There are five key incorrect assumptions that can wreak havoc on investors' portfolios and throw their investment goals off track.
Blogger: Cate Bakos, director, Cate Bakos Property
In my travels as a buyer's advocate, I often come across investors who have either made an assumption, have listened to bad advice, or have been hopelessly optimistic about their property purchase. Their unrealistic expectations have not been based on genuine (and available) information, or they have neglected to identify the growth drivers (or lack thereof) in their given area and property category. I've collated five main unfair expectations:
1. Assuming that the selling agent is giving them the best advice.
Many real estate agents have told buyers that the property which they are selling is a good investment. I've even had real estate agents tell me that inferior-grade properties are good investments. Occasionally a real estate agent will have investment knowledge and experience, but it is more rare than you could imagine. Next time an agent suggests a property is a good investment, ask them a bit about their background and experience as an investor themselves, and explore what other qualifications they may have in relation to asset selection, lending, loan structuring, asset performance analysis and cashflow calculation.
2. Assuming that they are getting independent advice from their 'free' or subsidised 'adviser', or guru, or marketeer.
There are some very polished presenters out there who can whiz through numbers on a whiteboard and demonstrate to the unsuspecting buyer that the off-the-plan or refurbed apartments are a perfect fit for the buyer's strategy, and worse still, a strong performing asset at a fair price, when in actual fact it's a disaster waiting to happen. The questions every buyer should ask are:
- How does this fit my strategy? (ie. What have you gleaned already about my strategy which makes this advice tailored?)
- What are the finalised outgoings? (Many off-the-plan properties are yet to have Owner's Corporation fees worked out and many marketers underquote the real fees)
- What tax rate are you assuming when you tell me that the property will pay for itself?
- Can you provide me with other comparable sales (in this block and in other blocks) to demonstrate that this asking price is fair?
- Can you also provide me with an independent rental appraisal?
- How are you getting paid?
3. Assuming that just because a property is nice, it will rent easily.
Every buyer needs to understand the rental demand, the going rate for a property of their category, the target tenant in the area, the typical tenant cycle and the peak periods. After that, they need to get acquainted with a great property manager in that area. These combined pieces of information can give every investor an edge when it comes to what to look for in a property, and ultimately what to add/spend money on to bolster rental growth and keep ideal tenants.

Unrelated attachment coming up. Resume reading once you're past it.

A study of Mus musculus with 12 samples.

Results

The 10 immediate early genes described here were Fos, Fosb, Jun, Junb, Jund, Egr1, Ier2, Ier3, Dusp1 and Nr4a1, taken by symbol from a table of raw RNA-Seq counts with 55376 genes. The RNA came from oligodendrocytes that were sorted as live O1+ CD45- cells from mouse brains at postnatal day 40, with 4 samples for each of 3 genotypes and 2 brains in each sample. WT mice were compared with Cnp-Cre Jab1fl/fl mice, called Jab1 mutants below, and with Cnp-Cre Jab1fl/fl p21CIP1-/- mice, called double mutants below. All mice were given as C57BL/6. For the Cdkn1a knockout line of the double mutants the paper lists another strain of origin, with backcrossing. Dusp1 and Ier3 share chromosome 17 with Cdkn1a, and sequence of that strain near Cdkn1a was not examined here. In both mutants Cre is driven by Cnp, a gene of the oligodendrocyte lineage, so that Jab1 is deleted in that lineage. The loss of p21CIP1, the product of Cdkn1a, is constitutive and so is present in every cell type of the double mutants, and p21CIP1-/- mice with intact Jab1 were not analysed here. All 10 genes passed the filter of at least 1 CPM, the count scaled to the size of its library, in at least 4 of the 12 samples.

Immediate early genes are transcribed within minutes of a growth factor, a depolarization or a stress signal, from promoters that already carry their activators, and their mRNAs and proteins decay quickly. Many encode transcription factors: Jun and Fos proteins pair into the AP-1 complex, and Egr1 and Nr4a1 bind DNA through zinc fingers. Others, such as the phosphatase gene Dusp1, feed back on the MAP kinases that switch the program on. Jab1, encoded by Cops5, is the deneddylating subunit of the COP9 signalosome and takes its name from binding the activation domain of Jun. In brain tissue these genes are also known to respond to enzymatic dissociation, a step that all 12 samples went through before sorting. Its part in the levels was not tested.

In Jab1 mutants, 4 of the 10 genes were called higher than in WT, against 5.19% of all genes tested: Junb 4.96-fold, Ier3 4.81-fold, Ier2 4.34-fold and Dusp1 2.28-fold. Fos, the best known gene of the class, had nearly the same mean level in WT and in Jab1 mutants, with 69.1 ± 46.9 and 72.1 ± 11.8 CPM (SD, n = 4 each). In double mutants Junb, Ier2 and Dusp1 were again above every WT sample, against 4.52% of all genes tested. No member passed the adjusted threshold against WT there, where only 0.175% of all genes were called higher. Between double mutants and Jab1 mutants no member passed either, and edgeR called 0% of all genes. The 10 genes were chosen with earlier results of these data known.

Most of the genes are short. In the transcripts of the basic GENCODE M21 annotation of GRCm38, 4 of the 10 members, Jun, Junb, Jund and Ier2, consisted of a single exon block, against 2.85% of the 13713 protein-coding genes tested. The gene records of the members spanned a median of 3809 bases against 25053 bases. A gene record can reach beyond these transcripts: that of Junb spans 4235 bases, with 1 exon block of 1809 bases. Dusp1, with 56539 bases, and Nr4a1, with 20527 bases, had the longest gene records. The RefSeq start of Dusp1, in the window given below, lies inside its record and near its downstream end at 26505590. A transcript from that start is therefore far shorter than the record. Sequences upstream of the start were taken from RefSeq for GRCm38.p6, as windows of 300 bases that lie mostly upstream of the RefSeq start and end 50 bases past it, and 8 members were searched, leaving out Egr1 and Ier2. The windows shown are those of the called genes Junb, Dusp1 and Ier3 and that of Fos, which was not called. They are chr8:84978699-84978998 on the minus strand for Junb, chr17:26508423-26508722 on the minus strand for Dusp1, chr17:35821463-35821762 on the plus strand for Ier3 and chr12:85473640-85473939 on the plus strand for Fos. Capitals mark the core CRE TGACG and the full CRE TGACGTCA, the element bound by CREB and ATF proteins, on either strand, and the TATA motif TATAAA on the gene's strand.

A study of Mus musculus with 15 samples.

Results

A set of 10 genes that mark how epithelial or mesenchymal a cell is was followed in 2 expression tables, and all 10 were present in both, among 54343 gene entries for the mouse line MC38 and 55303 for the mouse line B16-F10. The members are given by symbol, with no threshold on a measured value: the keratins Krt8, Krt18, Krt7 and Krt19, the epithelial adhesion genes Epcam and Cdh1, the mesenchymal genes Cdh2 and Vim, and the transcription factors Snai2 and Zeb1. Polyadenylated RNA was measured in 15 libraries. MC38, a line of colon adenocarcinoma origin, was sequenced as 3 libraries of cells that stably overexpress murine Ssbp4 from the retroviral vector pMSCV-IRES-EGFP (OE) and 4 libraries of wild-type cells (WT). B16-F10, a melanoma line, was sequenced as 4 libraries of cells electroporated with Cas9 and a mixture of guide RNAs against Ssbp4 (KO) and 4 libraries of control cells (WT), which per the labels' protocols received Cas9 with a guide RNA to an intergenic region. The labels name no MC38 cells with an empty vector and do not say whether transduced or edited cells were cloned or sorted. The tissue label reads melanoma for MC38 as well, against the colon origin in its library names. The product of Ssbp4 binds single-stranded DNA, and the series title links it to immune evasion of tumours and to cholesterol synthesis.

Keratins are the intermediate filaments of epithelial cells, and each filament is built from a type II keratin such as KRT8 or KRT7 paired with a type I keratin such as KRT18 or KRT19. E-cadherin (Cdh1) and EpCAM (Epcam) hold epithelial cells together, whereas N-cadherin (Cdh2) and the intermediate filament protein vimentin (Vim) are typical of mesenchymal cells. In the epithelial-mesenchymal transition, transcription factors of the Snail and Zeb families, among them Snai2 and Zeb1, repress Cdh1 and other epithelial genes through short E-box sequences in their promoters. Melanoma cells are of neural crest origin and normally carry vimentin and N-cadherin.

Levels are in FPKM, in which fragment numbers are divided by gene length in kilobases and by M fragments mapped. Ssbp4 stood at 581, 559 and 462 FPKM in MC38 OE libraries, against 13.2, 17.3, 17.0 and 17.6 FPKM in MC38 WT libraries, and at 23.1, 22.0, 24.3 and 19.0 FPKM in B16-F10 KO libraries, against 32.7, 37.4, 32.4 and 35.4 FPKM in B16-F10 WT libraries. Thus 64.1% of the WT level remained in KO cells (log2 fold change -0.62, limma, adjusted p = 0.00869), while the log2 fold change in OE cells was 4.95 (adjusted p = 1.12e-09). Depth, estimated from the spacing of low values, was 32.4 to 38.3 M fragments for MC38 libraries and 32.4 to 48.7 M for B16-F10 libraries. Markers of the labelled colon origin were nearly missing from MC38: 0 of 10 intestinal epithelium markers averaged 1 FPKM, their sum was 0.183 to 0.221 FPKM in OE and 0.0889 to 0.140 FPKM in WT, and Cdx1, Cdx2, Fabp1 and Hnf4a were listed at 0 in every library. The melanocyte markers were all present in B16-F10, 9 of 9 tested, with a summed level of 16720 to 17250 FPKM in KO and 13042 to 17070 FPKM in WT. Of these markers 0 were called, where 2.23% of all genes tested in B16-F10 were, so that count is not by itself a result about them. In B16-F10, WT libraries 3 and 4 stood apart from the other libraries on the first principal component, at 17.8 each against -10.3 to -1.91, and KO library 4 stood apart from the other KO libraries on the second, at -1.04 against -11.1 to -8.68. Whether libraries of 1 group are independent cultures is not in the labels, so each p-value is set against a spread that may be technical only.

4. Expecting median rate growth on your investment (or worse still, 'outperformance' growth) if you haven't identified the real growth drivers (or threats to these growth drivers).
Just because others are buying in a particular area doesn't make it a good idea. Often, when there is a sharp explosion in growth in an area, people tend to jump on the bandwagon. Often the masses towards the end are the investors who sustain serious losses when the area is overrun with new developments, and the problems start when the mining site/gas pipeline/major employer decide to scale down the project or shelve it altogether.
Often buyers choose a property in a potentially sound growth area, but neglect to identify what types of properties the demographic are currently commanding. The wrong street, the wrong neighbourhood, the wrong building design or the wrong style can threaten what otherwise could have been a great investment.
5. Assuming that a property is a lemon (or a bad choice) after sustaining a short-term cash-flow downturn.
Sometimes a hefty bill will arise out of the blue. Sometimes a tenant may break a lease. Sometimes a property may take a little while to lease in a difficult part of the market cycle. Sometimes something expensive will break or break down. Sometimes the rental will need to drop.
Things happen. No property is perfect. I always say to clients "It's not if things go wrong, it's when things go wrong. It's what processes you have in place to deal with these events that define you as an investor."
Provided the growth drivers are evident, a good local property manager is on the case, and the right insurances are in place, every investor should try to ride the storm to enjoy the sunshine. Property is a long-term game and performance up close on a chart will always show static spikes and troughs. To declare a property a dud after a cash-flow downturn is thinking short term.